This article was originally written on 9 December 2015

Has the market been kind to your portfolio in 2015?


I was browsing through a list of the FTSE 100’s risers and fallers last night, and I was taken aback at just how severely the mega-commodity behemoths had crashed in 2015.

BHP Billiton has tanked by 43%… Rio Tinto has lost 31% of its value… and commodity trading giant Glencore has crashed by 71% in 2015 so far!

That doesn’t make for pleasant reading for anyone who owned these goliaths of the resources market this year — and if you’re among them, I sincerely hope your fortunes improve in 2016.

But as I sat trawling through the numbers, something else dawned on me too…

The FTSE’s Biggest Names in the Red…

It hasn’t been a great year for a number of high profile FTSE 100 giants, even outside of the resources sector — many of them among the most popular shares owned by UK investors.

Emerging market bank Standard Chartered dropped 45%. British Gas owner and utility giant Centrica fell 24%. Supermarkets Tesco and Wm Morrison suffered another year of declines, 14% and 20% respectively.

And of the top 8 performing FTSE 100 shares this year?

I doubt many individual investors would have even heard of most the names — let alone owned them in their portfolios!

The two largest companies in that list were £17bn CRH — which sells cement and rubble — and £7bn Mondi, which makes paper and packaging products.

The FTSE 100 has dropped 5.1% this year, but I’d be willing to bet that most individual investors have found things even more challenging than that figure suggests…

…Considering you’re a lot more likely to own the likes of Tesco and BHP Billiton than obscure packaging and cement companies!

So, it’s been a tough year for the FTSE 100 — and an even tougher year for the investors who own its most popular shares.

But it’s not been all doom and despair for everyone in 2015…

That is, if you know where to look!

You see, while the FTSE 100 has lost 9% this year, the FTSE SmallCap index has actually gained 4.04% in 2015. That’s around a 13% differential in performance… and the critical difference between profit and loss.


Chart from Google Finance — red line is FTSE 100, blue line is FTSE SmallCap Index

The small-cap market is home to all sorts of attractive, niche, fast-growing businesses — the sort that my team and I research and recommend over at our premium advisory service, Motley Fool Hidden Winners.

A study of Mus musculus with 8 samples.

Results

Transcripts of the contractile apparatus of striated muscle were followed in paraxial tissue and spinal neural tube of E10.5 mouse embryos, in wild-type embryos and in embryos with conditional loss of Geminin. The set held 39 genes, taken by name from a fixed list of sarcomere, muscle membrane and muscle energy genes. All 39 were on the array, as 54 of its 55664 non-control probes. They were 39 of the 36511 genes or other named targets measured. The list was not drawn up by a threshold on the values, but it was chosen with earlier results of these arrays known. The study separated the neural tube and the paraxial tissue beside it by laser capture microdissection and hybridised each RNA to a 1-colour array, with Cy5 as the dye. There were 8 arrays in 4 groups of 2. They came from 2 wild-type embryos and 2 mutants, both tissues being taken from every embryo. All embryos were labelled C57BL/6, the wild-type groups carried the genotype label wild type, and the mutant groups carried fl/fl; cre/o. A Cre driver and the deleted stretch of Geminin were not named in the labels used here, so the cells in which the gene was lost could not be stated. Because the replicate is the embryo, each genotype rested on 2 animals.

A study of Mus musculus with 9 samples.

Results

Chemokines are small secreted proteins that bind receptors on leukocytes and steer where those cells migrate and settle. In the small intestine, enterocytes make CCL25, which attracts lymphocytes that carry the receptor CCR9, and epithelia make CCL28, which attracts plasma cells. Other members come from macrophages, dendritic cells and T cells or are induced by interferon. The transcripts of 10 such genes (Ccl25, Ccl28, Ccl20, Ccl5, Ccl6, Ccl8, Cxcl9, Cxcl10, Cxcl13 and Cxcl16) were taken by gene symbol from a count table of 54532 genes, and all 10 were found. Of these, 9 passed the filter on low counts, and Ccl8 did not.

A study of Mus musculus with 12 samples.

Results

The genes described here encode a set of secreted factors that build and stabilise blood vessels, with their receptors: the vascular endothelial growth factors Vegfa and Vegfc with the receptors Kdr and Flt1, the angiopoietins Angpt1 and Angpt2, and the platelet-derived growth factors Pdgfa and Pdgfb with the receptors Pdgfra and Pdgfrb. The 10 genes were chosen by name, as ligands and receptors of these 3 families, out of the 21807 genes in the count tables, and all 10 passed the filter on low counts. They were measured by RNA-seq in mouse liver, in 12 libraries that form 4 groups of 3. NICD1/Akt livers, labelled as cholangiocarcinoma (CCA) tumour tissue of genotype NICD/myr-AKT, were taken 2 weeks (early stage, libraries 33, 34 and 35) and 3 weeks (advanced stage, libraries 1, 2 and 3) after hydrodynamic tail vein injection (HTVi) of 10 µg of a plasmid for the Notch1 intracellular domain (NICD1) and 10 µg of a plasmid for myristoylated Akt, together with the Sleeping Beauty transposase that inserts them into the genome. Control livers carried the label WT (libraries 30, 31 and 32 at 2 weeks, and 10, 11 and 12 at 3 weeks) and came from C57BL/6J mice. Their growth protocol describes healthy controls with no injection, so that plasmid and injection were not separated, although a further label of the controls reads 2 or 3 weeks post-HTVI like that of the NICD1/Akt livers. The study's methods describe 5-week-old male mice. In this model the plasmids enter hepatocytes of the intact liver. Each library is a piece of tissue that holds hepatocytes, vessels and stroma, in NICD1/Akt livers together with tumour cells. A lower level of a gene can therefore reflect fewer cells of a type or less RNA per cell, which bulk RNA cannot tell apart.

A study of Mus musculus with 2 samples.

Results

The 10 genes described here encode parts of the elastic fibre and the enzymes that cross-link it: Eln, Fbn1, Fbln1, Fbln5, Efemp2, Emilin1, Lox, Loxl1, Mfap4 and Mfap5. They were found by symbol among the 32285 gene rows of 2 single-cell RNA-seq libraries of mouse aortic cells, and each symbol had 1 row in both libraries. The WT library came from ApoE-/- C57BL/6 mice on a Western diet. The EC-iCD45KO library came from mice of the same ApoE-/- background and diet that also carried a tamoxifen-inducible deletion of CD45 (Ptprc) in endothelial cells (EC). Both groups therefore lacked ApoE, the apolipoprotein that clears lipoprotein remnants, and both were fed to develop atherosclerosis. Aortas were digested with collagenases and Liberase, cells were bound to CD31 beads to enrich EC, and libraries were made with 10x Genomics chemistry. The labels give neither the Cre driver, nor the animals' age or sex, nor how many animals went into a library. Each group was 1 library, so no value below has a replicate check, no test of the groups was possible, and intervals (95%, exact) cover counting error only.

It’s not just over the past 12 months that small-caps have outperformed, too.

Let’s zoom out and take a look at performance over the last five years…


Chart from Google Finance — red line is FTSE 100, blue line is FTSE SmallCap Index

Astonishing, right?!

The FTSE SmallCap index has utterly thrashed the FTSE 100 blue chip index in the last five years — thanks to performances from companies that most investors have probably never even heard of.

It’s in this arena that it really pays to know what you’re looking for — especially given the added risks of investing in the less liquid, more volatile world of small-caps.

Will small caps continue to outperform the titans of the FTSE 100? That’s impossible to say with any certainty. But going into 2016, I can tell you that with my own personal portfolio, I’m on the hunt for the market’s “Hidden” champions…

And from what I’m seeing… when you know where to look… there’s no shortage of compelling opportunities to be found.

And if it's growth you're looking for, one of our top analysts has put together a BRAND-NEW free report for 2016 called A Top Growth Share From The Motley Fool, featuring a mid-cap firm enjoying strong growth that looks set to continue. To find out its name, and why we like it, for free and without any obligations, click here now!


Mark Rogers has no position in any shares mentioned. The Motley Fool UK has recommended Centrica. We Fools don't all hold the same opinions, but we all believe that considering a diverse range of insights makes us better investors.